Day one in the journey of re-listening begins with the letter A and the Arctic Monkeys. I feel there is no better band to start this off with than them. After exploding onto the scene in the mid-2000’s, the Arctic Monkeys have made a name for themselves with their own brand of style and substance.
Their 2006 debut, Whatever People Say I Am, That’s What I’m Not, was an immediate hit in both the general music-consuming public and my peer group. On more than one occasion, a friend of mine would have one of their songs as their profile song on their Myspace page, and on more than one occasion I would chime in with an original comment such as “I bet that YOU look good on the dance floor!” It is also worth noting that I remained very single during these years.
Years pass and one night I am staring in awe at the music video to Do I Wanna Know? – a simple and beautifully crafted song and video. At that point I was thinking to myself, “These guys are back!” But, of course, I would find out that I was incorrect and the band had been chugging along and releasing albums with frequent regularity.
This brings me to the album, Humbug. Released in 2009 and sadly off my radar for too many years, it was co-produced by Josh Homme of Queens Of The Stone Age fame. I am shocked I never gave this album a proper listening – being such a QOTSA fanboy and all. After several listens to Humbug, not only can you hear Homme’s influence, you can actually feel it.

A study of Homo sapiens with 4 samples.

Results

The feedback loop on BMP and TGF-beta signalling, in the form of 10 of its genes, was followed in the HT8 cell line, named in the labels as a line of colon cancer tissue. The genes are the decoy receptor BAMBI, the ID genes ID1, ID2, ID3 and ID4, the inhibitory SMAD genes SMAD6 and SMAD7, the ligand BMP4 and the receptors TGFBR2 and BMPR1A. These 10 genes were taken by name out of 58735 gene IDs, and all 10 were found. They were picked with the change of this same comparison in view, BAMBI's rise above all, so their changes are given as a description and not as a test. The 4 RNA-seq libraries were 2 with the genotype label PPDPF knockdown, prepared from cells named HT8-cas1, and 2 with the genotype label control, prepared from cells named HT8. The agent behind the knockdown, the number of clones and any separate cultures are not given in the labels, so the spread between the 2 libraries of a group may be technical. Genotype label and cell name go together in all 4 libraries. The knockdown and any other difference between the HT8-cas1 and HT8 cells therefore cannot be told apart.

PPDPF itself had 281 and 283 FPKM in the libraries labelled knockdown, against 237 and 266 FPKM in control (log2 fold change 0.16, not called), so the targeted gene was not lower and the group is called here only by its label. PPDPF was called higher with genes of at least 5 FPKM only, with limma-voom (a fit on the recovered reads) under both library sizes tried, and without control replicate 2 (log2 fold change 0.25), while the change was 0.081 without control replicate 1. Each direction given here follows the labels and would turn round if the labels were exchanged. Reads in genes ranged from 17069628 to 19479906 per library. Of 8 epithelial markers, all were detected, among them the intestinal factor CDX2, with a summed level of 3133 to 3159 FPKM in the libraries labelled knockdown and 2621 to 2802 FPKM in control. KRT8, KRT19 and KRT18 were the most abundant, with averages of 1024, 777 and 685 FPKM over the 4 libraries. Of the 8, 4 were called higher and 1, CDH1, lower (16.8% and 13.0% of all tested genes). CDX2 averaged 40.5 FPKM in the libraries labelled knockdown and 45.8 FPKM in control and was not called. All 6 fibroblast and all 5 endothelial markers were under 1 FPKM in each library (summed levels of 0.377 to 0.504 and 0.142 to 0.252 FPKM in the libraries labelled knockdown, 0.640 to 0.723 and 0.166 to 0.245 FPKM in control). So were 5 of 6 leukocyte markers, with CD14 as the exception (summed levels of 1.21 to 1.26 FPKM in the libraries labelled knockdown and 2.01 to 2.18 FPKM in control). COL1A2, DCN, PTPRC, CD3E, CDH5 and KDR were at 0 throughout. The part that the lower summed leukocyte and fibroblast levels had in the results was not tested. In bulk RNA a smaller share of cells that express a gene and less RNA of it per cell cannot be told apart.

Homme’s signature vibes are ever-present on this album and it’s discoveries such as these that help pave the Arctic Monkeys sound on later releases. Without the explorative swoon of tracks such as “The Jeweller’s Hands”, there may not have been an avenue allowed for the maturation of sultry grooves found on 2013’s AM; in particular, songs like “Knee Socks” or “One For The Road”.
The first two albums from the Arctic Monkeys are full of spirit and gusto. An explosive opening statement to the music world. But Humbug is something different. Where Whatever People Say I Am, That’s What I’m Not, and Favourite Worst Nightmare feel reminiscent to being a punchy youth ready to tackle the night and anything in its way, and their latest releases are tales of the older guard who has seen and done it all, Humbug is the first step in the subtle and sobering lesson of self-discovery. You can feel and resonate with the moodier moments of the album, like it’s that first walk home from the pub after having one too many.
And much like that lonely stroll home, you can begin to second-guess yourself and see where it may have all gone wrong. You can come up with a plan to be better, to adjust and re-evaluate that personal top-eight of yours if you will. Humbug is that decision to adjust, to grow, to discover. Not just who you are, but who you aren’t.